Canada's first major offshore oilfield, Hibemia, was discovered in 1979 off Newfoundland on Canada's east coast. Production will be from a single gravity base platform of unique design to withstand the demanding physical environment of the Grand Banks. The platform's base, and part of the topsides production facilities will be built in Newfoundland for tow-out to the offshore location. The Hibernia owners have established The Hibemia Management and Development Company, Ltd. to build and operate the field's production facilities.

After several years of physical, biological, socioeconomic and engineering research, three key documents were provided to government to gain the approvals to proceed with the Hibemia Project: the Development Plan, the Hibernia Benefits Plan and the Hibernia Environmental Impact Statement (EIS). This paper focuses on the EIS and its evolution into policies and procedures.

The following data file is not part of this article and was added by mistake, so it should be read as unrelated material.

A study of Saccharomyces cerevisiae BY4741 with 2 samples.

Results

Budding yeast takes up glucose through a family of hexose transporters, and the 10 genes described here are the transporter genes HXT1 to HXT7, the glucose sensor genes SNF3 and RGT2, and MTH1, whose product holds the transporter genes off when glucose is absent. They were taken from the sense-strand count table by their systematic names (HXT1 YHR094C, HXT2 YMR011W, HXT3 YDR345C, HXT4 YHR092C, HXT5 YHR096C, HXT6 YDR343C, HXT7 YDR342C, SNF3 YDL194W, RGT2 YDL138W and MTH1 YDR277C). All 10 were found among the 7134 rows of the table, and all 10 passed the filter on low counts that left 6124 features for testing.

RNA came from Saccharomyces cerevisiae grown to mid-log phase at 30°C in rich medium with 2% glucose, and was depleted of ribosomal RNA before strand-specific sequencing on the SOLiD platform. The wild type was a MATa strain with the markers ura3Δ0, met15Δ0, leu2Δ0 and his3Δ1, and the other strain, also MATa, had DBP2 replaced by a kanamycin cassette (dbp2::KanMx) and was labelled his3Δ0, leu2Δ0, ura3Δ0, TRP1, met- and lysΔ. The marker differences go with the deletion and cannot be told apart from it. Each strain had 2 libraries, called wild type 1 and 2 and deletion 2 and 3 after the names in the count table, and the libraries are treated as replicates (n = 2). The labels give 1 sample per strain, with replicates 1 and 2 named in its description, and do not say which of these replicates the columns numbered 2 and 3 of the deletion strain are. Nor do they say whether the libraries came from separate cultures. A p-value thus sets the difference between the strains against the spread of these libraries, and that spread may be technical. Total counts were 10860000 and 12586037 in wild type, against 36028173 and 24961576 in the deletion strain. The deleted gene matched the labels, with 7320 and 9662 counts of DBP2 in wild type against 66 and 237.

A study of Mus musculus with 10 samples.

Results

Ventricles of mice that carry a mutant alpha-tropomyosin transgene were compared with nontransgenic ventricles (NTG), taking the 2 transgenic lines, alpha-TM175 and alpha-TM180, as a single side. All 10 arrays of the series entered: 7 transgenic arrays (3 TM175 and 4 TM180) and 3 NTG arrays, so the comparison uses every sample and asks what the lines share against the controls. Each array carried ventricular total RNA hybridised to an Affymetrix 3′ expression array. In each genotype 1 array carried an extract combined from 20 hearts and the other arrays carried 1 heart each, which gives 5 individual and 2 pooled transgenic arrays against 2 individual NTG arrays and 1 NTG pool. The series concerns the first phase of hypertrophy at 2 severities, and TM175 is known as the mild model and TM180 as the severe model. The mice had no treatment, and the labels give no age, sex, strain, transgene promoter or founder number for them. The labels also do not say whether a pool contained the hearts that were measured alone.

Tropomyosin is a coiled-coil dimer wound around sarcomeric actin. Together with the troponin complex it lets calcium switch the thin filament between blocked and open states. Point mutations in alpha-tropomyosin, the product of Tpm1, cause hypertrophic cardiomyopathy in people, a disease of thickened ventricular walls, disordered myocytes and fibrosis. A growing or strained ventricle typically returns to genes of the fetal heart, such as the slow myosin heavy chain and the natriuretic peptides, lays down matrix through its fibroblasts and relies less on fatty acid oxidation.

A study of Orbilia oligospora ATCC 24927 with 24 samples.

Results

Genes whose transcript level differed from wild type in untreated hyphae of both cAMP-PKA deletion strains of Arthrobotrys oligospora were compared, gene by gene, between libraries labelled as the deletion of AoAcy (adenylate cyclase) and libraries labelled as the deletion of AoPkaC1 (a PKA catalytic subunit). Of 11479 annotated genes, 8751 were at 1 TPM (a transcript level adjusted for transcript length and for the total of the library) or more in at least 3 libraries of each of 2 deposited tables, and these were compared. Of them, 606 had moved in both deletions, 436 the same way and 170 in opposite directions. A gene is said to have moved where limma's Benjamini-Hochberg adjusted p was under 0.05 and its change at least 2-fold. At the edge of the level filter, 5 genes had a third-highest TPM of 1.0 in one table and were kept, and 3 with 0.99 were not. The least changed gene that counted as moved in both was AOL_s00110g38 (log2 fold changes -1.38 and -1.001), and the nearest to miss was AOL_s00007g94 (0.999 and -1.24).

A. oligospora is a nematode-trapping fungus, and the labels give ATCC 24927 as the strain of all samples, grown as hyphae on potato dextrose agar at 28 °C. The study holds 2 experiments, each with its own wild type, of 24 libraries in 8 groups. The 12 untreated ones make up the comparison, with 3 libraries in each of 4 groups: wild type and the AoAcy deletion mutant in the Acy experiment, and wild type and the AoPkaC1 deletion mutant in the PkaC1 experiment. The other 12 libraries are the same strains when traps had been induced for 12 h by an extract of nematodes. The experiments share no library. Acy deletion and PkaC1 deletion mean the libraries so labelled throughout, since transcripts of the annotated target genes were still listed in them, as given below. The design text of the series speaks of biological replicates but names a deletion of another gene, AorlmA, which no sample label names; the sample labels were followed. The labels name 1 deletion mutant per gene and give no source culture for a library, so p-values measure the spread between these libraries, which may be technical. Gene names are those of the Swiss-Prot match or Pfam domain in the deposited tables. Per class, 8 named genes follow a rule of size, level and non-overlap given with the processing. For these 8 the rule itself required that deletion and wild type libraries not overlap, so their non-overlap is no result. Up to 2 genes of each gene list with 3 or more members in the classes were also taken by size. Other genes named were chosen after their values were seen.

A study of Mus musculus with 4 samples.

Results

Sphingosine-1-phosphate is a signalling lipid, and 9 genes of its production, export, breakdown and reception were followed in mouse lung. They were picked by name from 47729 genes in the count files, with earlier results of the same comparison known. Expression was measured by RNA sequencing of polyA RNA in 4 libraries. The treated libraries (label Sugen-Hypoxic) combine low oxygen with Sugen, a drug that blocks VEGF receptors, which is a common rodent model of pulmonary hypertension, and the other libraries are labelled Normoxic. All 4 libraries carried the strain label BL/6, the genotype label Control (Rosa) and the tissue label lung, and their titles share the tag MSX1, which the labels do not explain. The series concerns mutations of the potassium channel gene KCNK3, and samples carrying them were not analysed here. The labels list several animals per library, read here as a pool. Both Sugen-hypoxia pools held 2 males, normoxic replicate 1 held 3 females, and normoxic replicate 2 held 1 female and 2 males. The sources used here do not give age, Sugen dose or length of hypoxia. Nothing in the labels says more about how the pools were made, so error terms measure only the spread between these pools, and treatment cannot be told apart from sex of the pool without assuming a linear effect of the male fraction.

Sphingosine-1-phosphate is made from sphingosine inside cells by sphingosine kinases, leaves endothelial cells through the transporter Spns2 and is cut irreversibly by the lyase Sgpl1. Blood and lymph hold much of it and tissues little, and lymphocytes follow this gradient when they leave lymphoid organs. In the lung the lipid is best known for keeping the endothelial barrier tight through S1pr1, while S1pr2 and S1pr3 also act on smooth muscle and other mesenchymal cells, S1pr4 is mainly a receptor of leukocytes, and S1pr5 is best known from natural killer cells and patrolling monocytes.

At the time work toward the approvals began in 1980, both the federal and the provincial governments claimed jurisdiction over the Newfoundland offshore. By 1985, a management regime had been agreed. For environmental work, offshore aspects were to be addressed by a joint provincial-federal regulatory agency, the Canada Newfoundland Offshore Petroleum Board (CNOPB) and the province would take the lead role during onshore construction activities through an inter-governmental group, the Hibemia Construction sites Environmental Management Committee (HCSEMC). Each of the CNOPB and HCSEMC is the "single window" between the project and the regulators within its particular mandate.

You can access this article if you purchase or spend a download.